By Juliet Helmke
22 March 2024 | 11 minute read
gabrielle williams victoria reb ntzyxt

Aiming to send “a clear message to rental providers”, the state is putting $4 million into a team to crack down on those breaking tenancy laws.

Embedded in Consumer Affairs Victoria, the body will set its sights on the conduct of anyone managing rental properties – whether landlords or managers employed to oversee tenancies.

It will employ a cadre of intelligence analysts, inspectors, investigators and lawyers, and is reportedly set to be modelled after the state’s underquoting taskforce, which has been in effect since September 2022.

Having passed more than 130 rental reform measures in 2021, the state is framing this new group as a way of cracking down on rental providers who are trying to get away with conduct that circumvents its laws meant to strengthen tenants’ rights.

In announcing the new team, the state’s minister for consumer affairs, Gabrielle Williams, said it would target offences like false advertising, renting out properties that don’t meet minimum standards, and not lodging bonds.

The state announced that $4 million has been apportioned to setting up the group, with operations to scale up through 2024.

Initially, the taskforce will focus on targeted inspections of reported breaches to ensure that minimum property standards are met.

In Victoria, rental minimum standards include necessary elements like a functional kitchen, lockable external doors, and that the dwelling is structurally sound and waterproof.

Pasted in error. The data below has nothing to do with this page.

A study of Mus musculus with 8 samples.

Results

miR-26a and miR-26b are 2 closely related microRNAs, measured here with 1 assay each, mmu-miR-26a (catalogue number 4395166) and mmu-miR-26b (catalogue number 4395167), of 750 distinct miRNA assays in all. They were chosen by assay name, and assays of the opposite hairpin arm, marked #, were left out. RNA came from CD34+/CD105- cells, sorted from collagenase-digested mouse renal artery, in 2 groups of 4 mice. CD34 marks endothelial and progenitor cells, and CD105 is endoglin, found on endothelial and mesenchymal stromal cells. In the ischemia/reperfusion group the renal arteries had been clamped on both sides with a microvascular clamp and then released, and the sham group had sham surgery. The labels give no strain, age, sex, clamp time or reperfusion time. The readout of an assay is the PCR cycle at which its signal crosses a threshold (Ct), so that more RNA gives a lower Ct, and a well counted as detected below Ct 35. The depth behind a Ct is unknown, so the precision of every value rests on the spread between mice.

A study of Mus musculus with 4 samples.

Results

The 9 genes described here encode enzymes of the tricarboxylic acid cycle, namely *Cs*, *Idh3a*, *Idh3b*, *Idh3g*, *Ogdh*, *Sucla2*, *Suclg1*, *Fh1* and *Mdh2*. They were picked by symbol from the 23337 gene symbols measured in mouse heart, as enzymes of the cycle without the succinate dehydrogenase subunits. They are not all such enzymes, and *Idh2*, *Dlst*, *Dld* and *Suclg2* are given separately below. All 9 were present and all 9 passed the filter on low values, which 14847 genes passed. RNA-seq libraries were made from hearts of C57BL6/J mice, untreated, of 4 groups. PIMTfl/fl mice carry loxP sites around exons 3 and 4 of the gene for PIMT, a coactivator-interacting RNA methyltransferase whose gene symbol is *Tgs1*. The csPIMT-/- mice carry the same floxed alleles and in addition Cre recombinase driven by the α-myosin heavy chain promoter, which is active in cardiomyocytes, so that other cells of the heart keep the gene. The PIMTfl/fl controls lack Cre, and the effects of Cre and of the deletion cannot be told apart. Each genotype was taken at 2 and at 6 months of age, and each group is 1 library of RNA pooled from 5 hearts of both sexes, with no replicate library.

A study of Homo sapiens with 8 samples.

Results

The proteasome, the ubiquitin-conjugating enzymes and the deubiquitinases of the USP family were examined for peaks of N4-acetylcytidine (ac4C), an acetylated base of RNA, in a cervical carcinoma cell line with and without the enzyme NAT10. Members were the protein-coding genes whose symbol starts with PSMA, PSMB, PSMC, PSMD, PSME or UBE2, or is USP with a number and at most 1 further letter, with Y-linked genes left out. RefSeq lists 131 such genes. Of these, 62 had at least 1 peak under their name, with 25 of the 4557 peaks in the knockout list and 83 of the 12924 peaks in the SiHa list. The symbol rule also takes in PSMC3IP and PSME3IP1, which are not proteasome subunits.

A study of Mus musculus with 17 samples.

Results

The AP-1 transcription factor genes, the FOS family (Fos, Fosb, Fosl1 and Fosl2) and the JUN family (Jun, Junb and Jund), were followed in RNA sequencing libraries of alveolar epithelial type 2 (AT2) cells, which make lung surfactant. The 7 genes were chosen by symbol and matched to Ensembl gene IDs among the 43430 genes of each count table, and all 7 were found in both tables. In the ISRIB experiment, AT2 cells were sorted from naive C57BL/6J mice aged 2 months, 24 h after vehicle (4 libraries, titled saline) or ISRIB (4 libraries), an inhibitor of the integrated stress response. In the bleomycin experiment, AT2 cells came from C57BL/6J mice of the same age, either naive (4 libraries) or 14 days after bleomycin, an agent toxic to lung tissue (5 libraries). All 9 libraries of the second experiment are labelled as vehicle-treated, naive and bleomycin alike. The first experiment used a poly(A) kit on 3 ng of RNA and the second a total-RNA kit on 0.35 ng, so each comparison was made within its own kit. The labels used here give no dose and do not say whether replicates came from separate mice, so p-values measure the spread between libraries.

Allowing a new renter to inhabit a rental property that doesn’t meet these standards is a criminal offence under the state’s law, with maximum penalties of over $11,000 for individuals and over $57,000 for companies.

The group will also reportedly work on improving its consumer reporting system so that breaches can be easily flagged by members of the public, with a streamlined system for providing evidence.

Though the state passed a wide range of rental reforms three years ago, more adjustments to its laws are on the way with the government planning to ban rental bidding, restrict rent increases between successive fixed-term agreements, and extend the notice periods to vacate to 90 days as announced in its September 2023 housing statement.

As those changes come to pass, they will also fall under the purview of the renting taskforce.

Acknowledging that there are many honest rental providers across the state who operate in accordance with the law, Williams said that the state nonetheless saw the need to take a tougher stance on rule breakers.

“Most rental providers and estate agents do the right thing – today’s announcement is about sending a clear message to those trying to get away with rental offences,” she said.

“It’s been almost three years since our landmark package of over 130 rental reforms took effect, and today we are making the rental market fairer for everyone by establishing the renting taskforce,” Williams added.


Juliet Helmke

Based in Sydney, Juliet Helmke has a broad range of reporting and editorial experience across the areas of business, technology, entertainment and the arts. She was formerly Senior Editor at The New York Observer.